If you’re a subcontractor investigating plumbing, HVAC, and/or electrical work with insulated concrete forms, this blog post is for you. We talked to 5 experienced tradesmen to get their insight on what it is like working with ICF compared to wood-frame and concrete block buildings. You can hear more of their testimonials in the video at the bottom of this page.
The response from contractors was unanimous. Installing plumbing, HVAC, and electrical lines with ICFs is extremely easy. It may be intimidating at first, but once you overcome the minimal learning curve and adjust your approach, the benefits are clear. Mike Sebben, an electrician for 2B Wired, explained, “It’s today’s building method…ICF is absolutely the advancement that should happen in construction.”
NOTE: Be sure to follow your local building codes and reference Nudura's installation manuals for specific application guidelines.
When using insulated concrete forms for exterior walls versus convention wood-frame or concrete block construction, the biggest difference for the trades is cutting the foam to make way for wires, pipes, and ductwork. Thankfully, removal of the foam is fast and simple with a hot-knife, electric chainsaw or reciprocating saw. These tools are easy to learn, offer precise control and leave a neat channel or hole for the corresponding components.
With an electric chainsaw, you can set the guard to a predetermined distance to prevent going too deep into the foam and hitting the concrete, which can dull the chain. You don’t have to drill into the concrete or wood to make room for electrical boxes or staple the lines.
In the electrical trades, once you make your line in the foam, the wires are tucked snuggly into the back of the chase and spray foam may be applied overtop so there is less risk of another trade accidentally damaging the wires.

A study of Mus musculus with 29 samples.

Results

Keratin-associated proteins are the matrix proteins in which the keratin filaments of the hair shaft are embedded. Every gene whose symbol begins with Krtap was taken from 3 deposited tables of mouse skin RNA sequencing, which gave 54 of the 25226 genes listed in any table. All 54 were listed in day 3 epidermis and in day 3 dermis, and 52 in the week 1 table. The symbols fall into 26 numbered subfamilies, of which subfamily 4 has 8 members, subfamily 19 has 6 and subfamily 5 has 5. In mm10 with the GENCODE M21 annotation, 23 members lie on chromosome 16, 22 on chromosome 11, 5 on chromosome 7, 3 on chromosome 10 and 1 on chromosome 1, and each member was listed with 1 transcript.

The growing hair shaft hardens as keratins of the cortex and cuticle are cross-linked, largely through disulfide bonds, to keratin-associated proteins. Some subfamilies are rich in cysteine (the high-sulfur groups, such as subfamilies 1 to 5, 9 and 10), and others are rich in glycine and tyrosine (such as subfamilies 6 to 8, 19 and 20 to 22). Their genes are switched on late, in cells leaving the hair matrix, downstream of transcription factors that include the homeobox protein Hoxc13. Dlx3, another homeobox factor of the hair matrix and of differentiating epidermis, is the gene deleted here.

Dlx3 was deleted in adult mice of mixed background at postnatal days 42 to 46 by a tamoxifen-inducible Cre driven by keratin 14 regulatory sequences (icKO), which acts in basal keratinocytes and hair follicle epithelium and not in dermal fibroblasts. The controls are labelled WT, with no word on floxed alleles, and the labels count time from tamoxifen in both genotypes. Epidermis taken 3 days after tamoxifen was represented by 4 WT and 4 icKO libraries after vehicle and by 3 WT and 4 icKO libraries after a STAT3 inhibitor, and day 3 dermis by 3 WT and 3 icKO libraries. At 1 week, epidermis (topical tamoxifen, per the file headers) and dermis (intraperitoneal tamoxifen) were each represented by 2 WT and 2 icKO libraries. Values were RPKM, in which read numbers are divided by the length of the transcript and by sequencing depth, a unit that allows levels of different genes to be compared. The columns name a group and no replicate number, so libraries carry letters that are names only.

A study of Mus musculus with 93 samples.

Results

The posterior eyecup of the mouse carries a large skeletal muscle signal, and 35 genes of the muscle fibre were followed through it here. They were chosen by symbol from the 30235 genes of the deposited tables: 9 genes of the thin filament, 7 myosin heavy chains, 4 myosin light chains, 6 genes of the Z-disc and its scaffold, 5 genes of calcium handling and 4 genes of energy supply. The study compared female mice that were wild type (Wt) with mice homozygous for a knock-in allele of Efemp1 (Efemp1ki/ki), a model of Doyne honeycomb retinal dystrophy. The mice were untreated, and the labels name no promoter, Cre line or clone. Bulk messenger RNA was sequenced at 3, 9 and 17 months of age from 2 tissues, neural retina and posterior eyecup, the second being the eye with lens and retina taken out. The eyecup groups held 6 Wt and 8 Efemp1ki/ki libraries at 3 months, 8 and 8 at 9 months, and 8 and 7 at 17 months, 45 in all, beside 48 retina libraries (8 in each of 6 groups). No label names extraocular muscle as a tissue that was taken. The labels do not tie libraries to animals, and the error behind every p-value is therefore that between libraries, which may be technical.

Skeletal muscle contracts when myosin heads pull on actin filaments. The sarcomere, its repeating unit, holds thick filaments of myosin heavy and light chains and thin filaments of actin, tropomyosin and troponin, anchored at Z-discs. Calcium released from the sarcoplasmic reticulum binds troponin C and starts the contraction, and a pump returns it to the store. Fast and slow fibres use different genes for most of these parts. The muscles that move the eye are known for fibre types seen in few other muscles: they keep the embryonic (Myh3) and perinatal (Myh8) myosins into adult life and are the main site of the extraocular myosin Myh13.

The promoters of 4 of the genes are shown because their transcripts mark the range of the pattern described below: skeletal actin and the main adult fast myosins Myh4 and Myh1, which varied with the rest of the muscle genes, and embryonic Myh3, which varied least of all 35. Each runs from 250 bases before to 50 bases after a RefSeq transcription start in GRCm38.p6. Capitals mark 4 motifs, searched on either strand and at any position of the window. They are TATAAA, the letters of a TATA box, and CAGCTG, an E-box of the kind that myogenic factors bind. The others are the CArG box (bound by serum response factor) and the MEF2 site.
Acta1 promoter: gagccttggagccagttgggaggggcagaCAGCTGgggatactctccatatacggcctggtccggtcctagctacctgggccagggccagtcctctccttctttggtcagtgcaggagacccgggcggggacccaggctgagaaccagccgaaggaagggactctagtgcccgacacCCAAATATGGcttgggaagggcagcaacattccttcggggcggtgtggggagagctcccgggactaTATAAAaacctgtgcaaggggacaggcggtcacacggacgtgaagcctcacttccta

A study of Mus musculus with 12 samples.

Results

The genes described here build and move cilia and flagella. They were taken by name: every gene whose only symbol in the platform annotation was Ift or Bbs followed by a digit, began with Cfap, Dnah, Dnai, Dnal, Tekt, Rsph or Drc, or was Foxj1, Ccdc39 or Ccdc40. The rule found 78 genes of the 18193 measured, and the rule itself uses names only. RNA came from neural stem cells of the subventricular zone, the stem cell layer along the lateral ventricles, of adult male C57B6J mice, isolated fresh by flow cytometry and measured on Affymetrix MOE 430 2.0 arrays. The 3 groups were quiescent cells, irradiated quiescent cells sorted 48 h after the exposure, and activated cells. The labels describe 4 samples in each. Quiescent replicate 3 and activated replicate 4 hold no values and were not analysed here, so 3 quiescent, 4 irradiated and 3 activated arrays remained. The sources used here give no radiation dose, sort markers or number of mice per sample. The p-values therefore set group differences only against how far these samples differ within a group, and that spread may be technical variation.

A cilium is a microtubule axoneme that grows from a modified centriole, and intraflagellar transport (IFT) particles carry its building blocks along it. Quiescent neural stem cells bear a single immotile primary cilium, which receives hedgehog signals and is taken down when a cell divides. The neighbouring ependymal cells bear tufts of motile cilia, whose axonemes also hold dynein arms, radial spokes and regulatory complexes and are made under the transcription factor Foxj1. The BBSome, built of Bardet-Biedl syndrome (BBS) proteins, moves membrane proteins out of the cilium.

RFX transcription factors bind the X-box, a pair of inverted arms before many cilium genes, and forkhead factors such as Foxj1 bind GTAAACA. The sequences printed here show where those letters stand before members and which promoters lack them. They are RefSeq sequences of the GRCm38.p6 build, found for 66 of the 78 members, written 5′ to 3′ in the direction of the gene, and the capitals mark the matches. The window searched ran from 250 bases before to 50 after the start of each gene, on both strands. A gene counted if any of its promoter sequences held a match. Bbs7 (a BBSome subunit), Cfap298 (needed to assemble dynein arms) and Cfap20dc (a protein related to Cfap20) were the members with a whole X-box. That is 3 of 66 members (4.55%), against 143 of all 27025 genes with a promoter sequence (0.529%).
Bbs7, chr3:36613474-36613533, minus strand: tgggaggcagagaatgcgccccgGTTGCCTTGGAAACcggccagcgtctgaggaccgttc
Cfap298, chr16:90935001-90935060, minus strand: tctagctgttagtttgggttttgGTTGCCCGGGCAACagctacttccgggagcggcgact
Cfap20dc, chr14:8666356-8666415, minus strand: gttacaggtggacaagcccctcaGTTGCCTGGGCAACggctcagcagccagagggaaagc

For plumbing, tracking the pipes to their final destination is easy and those recessed within the foam now have added insulation to protect them during cold temperatures.
The ease of installation for plumbing, HVAC, and electrical lines in ICF walls ultimately leads to decreased time and labor, which equates to financial savings.
One contractor noted that with wood frame houses, the electrical could take 1-2 days, but with ICF, it only takes half a day since you are significantly reducing the mechanical attachment points where installers must staple and secure the wires and boxes. “Once the wire goes into the wall, you’re done with it,” David McCauley, President of McCauley Electric, explained simply.
Running service penetrations through the outside wall is extremely easy with ICFs. Before the concrete is poured into the forms, holes should be cut into the foam to run PVC sleeves. These pipes will hold the wires or plumbing and can withstand the weight of the concrete. This process saves installers significant time running these outside lines.
Like with any job, carefully planning the mechanical systems and trade sequencing is critical. ICF construction is no different, so upfront coordination is required to ensure penetrations for the HVAC, plumbing, electrical and fire protection are in the right spots and will not interfere with one another. However, when using ICFs, there are some other factors to keep in mind to ensure proper installation.
While there are different factors to look out for as a contractor working with ICFs, there is plenty of training available to alleviate any concerns. Plus, by adding in ICF construction to your scope of work and adapting to new building methods, you are expanding your opportunities and advancing your business.